Uber and DiDi Drivers in Costa Rica could earn more than a secretary or an accountant
Q COSTA RICA – The legislative bill presented by the Executive Branch a few days ago to regularize the commercial activity of collaborative mobility platforms (such as Uber and DiDi) could be an incentive for many who find in this modality a way to earn money without running the risk of being sanctioned by the authorities.
Driving for different ride-sharing apps for 8 hours a day, driving eight hours a day, between five and six days a week can earn a lot more than the minimum salary of many professions or jobs. Image from Shutterstock
A driver using the DiDi platform, for example, according to data provided by the DiDi company, can earn between ¢716,000 and ¢916,000 colones (US$1,300 and US$1,600 dollars at today’s exchange rate) monthly, driving eight hours a day, between five and six days a week.
The earnings could be an extra source of income or even a sole source of living, depending on how long you’re logged in to the app.
Using the DiDi company numbers, the earning potential of mobility platform drivers can be higher than the 2023 minimum salaries of people like secretaries with bachelor’s degrees and private accounting graduates, which are set at ¢628,858 colones and ¢752,220 colones, respectively, by the Ministry of Labor.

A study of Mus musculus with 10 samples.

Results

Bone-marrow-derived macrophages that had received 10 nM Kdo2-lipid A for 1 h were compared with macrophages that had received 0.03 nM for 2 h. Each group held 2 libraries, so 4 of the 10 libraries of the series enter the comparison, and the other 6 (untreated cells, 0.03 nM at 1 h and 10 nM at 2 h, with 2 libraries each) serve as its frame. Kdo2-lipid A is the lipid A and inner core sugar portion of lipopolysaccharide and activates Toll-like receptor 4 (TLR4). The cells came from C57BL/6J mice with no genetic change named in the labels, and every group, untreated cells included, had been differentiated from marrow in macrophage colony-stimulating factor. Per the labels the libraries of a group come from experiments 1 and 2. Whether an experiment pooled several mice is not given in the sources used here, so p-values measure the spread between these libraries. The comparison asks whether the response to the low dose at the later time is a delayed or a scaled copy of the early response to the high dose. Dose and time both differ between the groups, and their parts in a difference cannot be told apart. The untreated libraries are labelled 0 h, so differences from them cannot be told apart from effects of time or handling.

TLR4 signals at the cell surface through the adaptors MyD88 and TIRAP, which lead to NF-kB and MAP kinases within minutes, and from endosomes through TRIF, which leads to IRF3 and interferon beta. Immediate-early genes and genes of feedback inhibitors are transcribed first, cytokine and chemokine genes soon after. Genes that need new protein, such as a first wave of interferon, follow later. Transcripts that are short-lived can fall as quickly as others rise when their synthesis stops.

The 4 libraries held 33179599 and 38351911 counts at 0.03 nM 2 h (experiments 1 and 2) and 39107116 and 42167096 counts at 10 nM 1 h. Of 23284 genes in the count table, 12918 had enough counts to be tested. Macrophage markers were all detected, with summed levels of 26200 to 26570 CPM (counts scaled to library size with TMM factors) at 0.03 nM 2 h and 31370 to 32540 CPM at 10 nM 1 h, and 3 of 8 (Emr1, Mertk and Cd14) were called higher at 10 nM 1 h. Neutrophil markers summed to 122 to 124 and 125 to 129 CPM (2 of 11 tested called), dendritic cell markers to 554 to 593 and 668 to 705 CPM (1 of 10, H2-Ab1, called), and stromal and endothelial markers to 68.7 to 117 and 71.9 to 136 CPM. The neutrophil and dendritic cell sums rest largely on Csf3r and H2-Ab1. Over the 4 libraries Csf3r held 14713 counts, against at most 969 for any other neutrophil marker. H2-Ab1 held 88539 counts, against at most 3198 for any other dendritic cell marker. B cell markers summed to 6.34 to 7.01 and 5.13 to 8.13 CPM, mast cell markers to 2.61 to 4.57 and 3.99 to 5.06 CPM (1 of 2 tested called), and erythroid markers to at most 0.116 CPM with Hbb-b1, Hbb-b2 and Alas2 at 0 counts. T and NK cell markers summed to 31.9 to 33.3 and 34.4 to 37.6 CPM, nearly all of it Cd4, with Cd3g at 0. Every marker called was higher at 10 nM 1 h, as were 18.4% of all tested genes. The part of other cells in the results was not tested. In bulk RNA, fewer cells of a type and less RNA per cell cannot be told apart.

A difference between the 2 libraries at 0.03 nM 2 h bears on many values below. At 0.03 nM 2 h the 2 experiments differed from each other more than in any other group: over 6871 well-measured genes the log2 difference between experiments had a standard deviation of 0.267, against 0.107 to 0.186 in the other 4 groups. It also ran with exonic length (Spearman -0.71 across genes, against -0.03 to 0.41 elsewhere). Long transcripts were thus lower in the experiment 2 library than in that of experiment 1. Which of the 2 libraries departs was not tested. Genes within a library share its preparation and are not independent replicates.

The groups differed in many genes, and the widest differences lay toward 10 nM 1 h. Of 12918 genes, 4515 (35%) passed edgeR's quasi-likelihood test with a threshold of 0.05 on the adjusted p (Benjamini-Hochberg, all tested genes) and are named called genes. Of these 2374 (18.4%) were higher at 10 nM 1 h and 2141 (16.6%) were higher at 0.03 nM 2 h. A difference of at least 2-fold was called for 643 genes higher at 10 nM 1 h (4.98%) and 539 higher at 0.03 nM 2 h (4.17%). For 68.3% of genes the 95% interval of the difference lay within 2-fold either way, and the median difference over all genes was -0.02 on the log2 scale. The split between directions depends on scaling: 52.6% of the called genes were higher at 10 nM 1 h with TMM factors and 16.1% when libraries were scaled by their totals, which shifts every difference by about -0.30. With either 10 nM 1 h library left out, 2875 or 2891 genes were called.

“More than 87% of collaborating partners and delivery partners (drivers) indicate that they highly value the independence and flexibility to provide services when, where, and how they want,” indicated Uber in a statement, alluding to factors that motivate people to earn money in this modality.
It’s estimated that around 30,000 households live from income from collaborative mobility services. Uber was the first to arrive in Costa Rica some seven years ago with its collaborative mobility services.
Apparently, digital mobility and home delivery platforms contribute up to 0.44% of the country’s GDP, which is huge, as reported by a study of the Cámara de Comerci (Costa Rican Chamber of Commerce) and backed up by Uber.
According to the Ministry of Labor’s list of minimum wages for 2023, being a driver for a mobility platform brings in more money than some jobs like domestic employee, messenger, social media manager, official custodian of securities, and lawyer assistant. This wage is based on an 8-hour workday, 5-6 days a week.
Based on the list of minimum wages of the Ministry of Labor for 2023, the following is a comparison of salaries of some professions or trades that would be lower than the earnings of mobility platform drivers, taking as a reference the connection for eight hours a day, between five and six days a week.
Domestic employee: ¢236,655 colones monthly
Messenger: ¢352,164 colones monthly
Social media manager: ¢381,433 colones monthly
Legal assistant ¢452,407 colones monthly
Accounting clerk: ¢396,210 colones monthly
Executive secretary: ¢626,828 colones monthly
Pizzero: ¢255,300 colones monthly
See here the complete list of job classifications and the minimum salary for 2023 (pdf format).